Cranfield University scientists are collaborating to develop a system for detecting COVID-19 in wastewater Photo by Ivan Bandura on Unsplash

Sewage surveillance is seen as promising way to identifying future disease hotspots

Cranfield University scientists are collaborating in research to develop a standardised UK system for detecting COVID-19 in wastewater. This could provide an early warning of future outbreaks and reduce reliance on costly testing of large populations.

The £1 million programme, led by the UK Centre for Ecology & Hydrology (UKCEH), will use wastewater-based epidemiology (WBE) to develop sampling, testing and scientific modelling methods that will be adopted by government agencies and scientists across the UK.

Most people infected with SARS-CoV-2 (the virus that causes the COVID-19 disease) are believed to shed the virus in their faeces, even if they are asymptomatic.

Sewage surveillance is therefore seen as a promising way of identifying future disease hotspots. Dr Zhugen Yang, lecturer in Sensor Technology and head of the sensors laboratory at Cranfield Water Science Institute, said:

“Community sewage detection could provide an initial warning of COVID-19 carriers in an area which can then be followed up with more targeted testing.”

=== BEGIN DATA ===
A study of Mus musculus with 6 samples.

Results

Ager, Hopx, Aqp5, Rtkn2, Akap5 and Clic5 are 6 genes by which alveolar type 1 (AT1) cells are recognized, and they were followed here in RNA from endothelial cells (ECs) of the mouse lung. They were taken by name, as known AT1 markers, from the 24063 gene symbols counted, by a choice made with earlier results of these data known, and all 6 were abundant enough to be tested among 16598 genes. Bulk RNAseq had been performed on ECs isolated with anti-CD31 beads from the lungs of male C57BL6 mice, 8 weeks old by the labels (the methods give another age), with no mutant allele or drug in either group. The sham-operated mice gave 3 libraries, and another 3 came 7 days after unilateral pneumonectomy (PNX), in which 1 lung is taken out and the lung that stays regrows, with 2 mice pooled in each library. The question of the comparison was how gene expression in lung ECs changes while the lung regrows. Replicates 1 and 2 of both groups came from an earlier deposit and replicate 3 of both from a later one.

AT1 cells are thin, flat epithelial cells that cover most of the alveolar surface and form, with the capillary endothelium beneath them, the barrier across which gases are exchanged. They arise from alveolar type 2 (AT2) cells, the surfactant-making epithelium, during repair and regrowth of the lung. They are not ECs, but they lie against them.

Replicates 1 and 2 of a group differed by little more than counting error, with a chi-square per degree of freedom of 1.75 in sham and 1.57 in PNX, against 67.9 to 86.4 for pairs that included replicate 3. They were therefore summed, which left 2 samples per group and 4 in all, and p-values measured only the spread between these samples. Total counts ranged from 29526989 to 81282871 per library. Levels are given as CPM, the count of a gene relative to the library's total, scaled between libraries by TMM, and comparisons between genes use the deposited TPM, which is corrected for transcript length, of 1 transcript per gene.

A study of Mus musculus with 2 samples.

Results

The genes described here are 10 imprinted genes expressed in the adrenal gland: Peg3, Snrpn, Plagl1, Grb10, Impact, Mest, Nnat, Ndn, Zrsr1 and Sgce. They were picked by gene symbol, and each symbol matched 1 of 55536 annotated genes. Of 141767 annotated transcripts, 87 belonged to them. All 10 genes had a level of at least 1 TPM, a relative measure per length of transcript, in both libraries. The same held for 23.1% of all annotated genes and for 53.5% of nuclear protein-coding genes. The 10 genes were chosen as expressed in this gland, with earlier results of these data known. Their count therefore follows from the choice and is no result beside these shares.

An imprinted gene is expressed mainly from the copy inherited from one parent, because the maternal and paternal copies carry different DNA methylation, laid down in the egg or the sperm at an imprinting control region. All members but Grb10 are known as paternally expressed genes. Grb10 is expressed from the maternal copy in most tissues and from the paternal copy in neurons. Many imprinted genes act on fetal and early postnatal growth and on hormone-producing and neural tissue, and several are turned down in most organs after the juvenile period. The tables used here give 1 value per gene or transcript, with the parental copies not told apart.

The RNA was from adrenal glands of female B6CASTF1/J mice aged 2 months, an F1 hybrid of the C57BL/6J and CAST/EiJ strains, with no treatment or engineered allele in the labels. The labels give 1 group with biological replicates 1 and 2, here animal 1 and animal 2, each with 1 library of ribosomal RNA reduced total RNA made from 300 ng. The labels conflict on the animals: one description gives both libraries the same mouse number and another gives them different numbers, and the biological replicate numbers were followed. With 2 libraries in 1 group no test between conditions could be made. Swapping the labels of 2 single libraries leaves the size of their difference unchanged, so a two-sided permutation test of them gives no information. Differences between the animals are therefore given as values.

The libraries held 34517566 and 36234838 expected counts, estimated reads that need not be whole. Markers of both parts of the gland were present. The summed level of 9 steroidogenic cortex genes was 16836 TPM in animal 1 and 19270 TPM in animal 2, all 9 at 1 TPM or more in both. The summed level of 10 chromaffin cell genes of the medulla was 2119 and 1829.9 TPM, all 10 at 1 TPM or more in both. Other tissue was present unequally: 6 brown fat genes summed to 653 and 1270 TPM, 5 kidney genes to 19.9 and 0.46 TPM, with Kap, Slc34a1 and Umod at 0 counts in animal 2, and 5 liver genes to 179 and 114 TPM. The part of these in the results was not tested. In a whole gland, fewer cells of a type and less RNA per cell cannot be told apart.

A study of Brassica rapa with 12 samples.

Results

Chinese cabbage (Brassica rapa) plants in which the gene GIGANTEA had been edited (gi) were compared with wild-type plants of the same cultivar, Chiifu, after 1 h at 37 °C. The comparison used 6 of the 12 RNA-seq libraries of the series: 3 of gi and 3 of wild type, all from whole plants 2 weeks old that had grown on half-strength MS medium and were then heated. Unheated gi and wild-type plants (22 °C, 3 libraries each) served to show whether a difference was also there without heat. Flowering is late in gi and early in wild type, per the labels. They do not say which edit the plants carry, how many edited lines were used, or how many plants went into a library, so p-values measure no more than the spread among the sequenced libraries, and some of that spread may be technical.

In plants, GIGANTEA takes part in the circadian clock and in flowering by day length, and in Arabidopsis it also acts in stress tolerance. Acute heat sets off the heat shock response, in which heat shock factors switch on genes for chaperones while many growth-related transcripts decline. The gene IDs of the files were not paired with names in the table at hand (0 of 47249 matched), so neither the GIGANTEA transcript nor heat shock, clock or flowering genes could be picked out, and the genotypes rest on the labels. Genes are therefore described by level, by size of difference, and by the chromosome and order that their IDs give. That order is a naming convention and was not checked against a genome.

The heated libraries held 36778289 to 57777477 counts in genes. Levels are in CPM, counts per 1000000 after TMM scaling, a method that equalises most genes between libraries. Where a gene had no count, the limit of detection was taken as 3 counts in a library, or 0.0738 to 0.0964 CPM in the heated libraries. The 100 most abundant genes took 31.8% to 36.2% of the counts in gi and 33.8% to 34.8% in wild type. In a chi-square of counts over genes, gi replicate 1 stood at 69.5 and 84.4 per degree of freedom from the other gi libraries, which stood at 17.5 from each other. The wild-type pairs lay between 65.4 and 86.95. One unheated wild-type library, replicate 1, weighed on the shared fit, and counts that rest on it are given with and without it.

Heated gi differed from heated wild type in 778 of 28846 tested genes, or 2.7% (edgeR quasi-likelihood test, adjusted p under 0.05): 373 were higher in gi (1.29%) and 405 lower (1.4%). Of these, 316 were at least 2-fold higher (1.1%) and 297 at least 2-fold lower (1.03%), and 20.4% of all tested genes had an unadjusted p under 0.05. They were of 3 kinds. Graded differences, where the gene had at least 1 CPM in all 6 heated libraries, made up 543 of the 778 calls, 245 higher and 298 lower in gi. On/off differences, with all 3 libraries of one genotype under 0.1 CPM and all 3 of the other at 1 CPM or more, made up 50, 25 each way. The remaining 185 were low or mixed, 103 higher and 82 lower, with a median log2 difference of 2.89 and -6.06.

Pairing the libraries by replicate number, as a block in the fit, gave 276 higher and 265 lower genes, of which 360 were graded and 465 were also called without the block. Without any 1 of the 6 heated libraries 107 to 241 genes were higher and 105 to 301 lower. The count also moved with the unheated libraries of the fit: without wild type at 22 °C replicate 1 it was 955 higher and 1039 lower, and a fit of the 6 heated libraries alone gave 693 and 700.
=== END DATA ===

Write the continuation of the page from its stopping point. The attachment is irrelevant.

Dr Andrew Singer of UKCEH and principal investigator of the new National COVID-19 Wastewater Epidemiology Surveillance Programme (N-WESP), said:

“By sampling wastewater at different parts of the sewerage network, we can gradually narrow an outbreak down to smaller geographical areas, enabling public health officials to quickly target interventions in those areas at greatest risk of spreading the infection.”

Researchers will work with Defra, environment agencies, public health bodies and water companies across the UK and undertake sampling of wastewater at several major cities as part of the study.

The research will also determine whether SARS-CoV-2 in wastewater and sludge could be infectious, and how environmental factors such as sunlight and temperature reduce infectivity.

This will inform protection guidance for workers at sewage plants and enable the assessment of risk to people and animals as a result of treated and untreated sewage discharge in rivers and seas.